Sa Aming Nayon
201 1st Avenue, New York NY 10003 (b/n 12th & 13th; map); 212-388-0152
Service: Like eating at your aunt's house.
Setting: Functional, a little cramped, but super friendly.
Must-Haves: Crispy Pata, Sizzling Sisig, Grilled Pork
Cost: Most dishes $3.95 to $11.95
It's a bit tough to define the cuisine of the Philippines. Clearly, there are the typical Southeast Asian sweet, sour, and salty flavors (even savory dishes often sport a sweet element), as well as the cooking methods, which include lots of steaming and simmering. But you'll also find stir-fried dishes that are Chinese in origin, using vegetables brought over by Spanish settlers. Speaking of Spanish influence, some dishes are straight out of spain. Paellas and other rice-based dishes; a thicker, sturdier version of flan; stewed or fried pork—all things that would be equally at home on the Iberian peninsula.
At one point a decade or two ago, Filipino restaurants were as common as Momofukus in the East Village. Those days are long gone, but with the opening of Sa Aming Nayon a few months back, we may be witnessing a rebirth.
The interior at Sa Aming Nayon is perfectly functional, though you shouldn't expect much by way of comforts or amenities. Our meal started in the roofless back patio, which was delightful—until the rain came. With a mad rush, the owner and waiters hustled people around the space inside to make room for our party. We ended up sharing what amounted to essentially a large communal table with the elderly couple next to us. Everyone, staff and customers included, seemed to be having a good time dealing with the mini crisis. Flashbacks of cramped but joyful Thanksgiving dinner came to mind.
For the most part, the food is extraordinarily simple. Don't expect composed plates here—if the menu lists something under the "meat" section, that's all you'll get. You'll have to order vegetables, soups, and salads to round out your meal, as the meat dishes can get quite heavy on their own.
Take the Kare Kare Special ($13.95): Oxtail, tripe, and a few other hard-to-identify-but-tasty meaty bits in a really thick and hearty stew, flavored intensely with peanuts. A side dish of strong shrimp paste is meant to be stirred in to taste as you eat it. It's heavy and rib-sticking fare and perhaps better saved for the winter months.
Chicken Curry ($8.95) is a little lighter, with boneless chunks of chicken thigh that are plenty juicy, in a mildly coconutty sauce with big slivers or fresh ginger. For something genuinely bright, try the Sinigang Na Bangus ($13.50). Fragrant with ginger and fish and sour with tamarind and lemon, like the Filipino version of a Tom Yum, though it lacks the complexity of that dish. Still, it's a simple, homey and comforting bowl of soup with bright vegetables and well-cooked fish.
They're pretty good at grilling too. Chicken and Pork Barbecue ($3.50) comes with two grilled skewers of meat marinated in sweet soy sauce and served with vinegar. Of the two, the pork was far superior. Crisp-edged and deeply charred, it still remained juicy and tender in the center. The same can't be said for the chicken. Next time we'll order the pork on its own.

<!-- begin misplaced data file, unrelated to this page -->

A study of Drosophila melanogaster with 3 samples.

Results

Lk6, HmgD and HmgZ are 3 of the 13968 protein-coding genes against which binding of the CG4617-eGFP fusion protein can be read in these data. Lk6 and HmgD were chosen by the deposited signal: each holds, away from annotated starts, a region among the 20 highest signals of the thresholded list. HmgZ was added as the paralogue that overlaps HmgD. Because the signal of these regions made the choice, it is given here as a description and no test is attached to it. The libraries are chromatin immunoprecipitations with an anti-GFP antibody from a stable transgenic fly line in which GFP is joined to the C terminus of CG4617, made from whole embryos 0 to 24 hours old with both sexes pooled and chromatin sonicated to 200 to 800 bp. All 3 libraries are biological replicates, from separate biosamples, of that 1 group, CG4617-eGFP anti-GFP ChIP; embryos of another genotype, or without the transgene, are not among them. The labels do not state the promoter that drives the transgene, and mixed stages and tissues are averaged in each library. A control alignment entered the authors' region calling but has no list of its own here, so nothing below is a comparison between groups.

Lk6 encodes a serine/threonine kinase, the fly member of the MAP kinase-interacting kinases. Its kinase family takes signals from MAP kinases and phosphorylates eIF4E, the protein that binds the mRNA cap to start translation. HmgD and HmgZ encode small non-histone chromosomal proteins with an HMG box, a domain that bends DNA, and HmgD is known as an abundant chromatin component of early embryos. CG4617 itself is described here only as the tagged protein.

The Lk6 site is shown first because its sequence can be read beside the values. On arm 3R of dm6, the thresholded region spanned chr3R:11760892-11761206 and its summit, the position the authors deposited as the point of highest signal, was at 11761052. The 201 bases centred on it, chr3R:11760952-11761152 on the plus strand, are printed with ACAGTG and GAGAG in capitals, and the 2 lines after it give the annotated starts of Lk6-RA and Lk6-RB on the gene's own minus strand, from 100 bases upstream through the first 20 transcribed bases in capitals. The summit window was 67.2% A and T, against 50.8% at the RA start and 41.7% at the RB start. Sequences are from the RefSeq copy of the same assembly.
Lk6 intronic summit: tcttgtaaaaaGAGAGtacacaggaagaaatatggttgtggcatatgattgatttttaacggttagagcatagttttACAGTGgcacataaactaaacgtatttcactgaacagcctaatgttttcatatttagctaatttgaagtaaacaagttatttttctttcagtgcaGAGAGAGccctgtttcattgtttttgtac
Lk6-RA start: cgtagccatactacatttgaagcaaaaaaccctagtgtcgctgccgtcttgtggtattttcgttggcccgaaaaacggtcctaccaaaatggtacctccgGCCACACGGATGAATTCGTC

Speaking of pork, people seem to come here specifically for the Crispy Pata ($11.95)—pretty much every table in the restaurant had one—and with good reason. If you like pork, it's hard to beat. A whole pig foot from the hock down (yep, you've got toenails in there), roasted, then deep fried until really crisp. It's pretty simple, but if you're going to go all one-dimensional, pork is a good dimension to pick.
More pork parts find their way into the Sizzling Sisig ($11.95), a hot cast iron platter full of chopped pigs' ears, onions, and a raw egg. Stir the whole thing up until the egg cooks, squeeze on some lemon, and you've got a dish equally at home at breakfast and dinner.
Off the vegetable section of the menu, Pinakbet ($8.95) is a reasonable bet. A boiled stew of bitter melon, potatoes, carrots, peppers, and shrimp that reminded me a lot of some of the boiled stews of Cambodia. Not particularly bright or flavorful, but satisfying in a homey kind of way.
If the Philippines had a national dish, it'd be Pork Adobo ($7.95), tender chunks of pork braised in sweet soy sauce. The version at Sa Aming Nayon is outstanding. A great balance of sweet and savory flavors, and plenty juicy.
I haven't had flan in the Philippines so I couldn't tell you whether Sa Aming Nayon's is representative. I can tell you that it's far denser and richer than a traditional European or South American flan, with the distinct aroma of orange rinds. It's a small slice, but we found ourselves getting full of it after just a bite or two, and it's a much better option than the Maiz con Yelo ($4.50). Literally translated as "corn with ice," that's exactly what it is: canned corn (we saw the cans) with a scoop of crushed ice on top. No salt, sugar, nothing to it really. Perhaps this is a traditional dessert, but it's a pretty terrible one.
We finished with the Halo-Halo Special ($5.50). Ice cream and purple yam served on top of a bowl of crushed ice floating on top of a syrup studded with candied fruits. The idea is to mix it all together before eating it. I could see enjoying this one if the back garden were hot and sunny instead of rainy like it was during our meal.
A meal here is kind of like eating at the home of a well-intentioned aunt. Perhaps she's not the greatest cook in the world, and perhaps her tastes run simple, but it's warm, fresh, friendly stuff that is very likeable—with service that's about as friendly as it comes.
About the author: J. Kenji Lopez-Alt is the Managing Editor of Serious Eats where he likes to explore the science of home cooking in his weekly column The Food Lab. You can follow him at @thefoodlab on Twitter, or at The Food Lab on Facebook.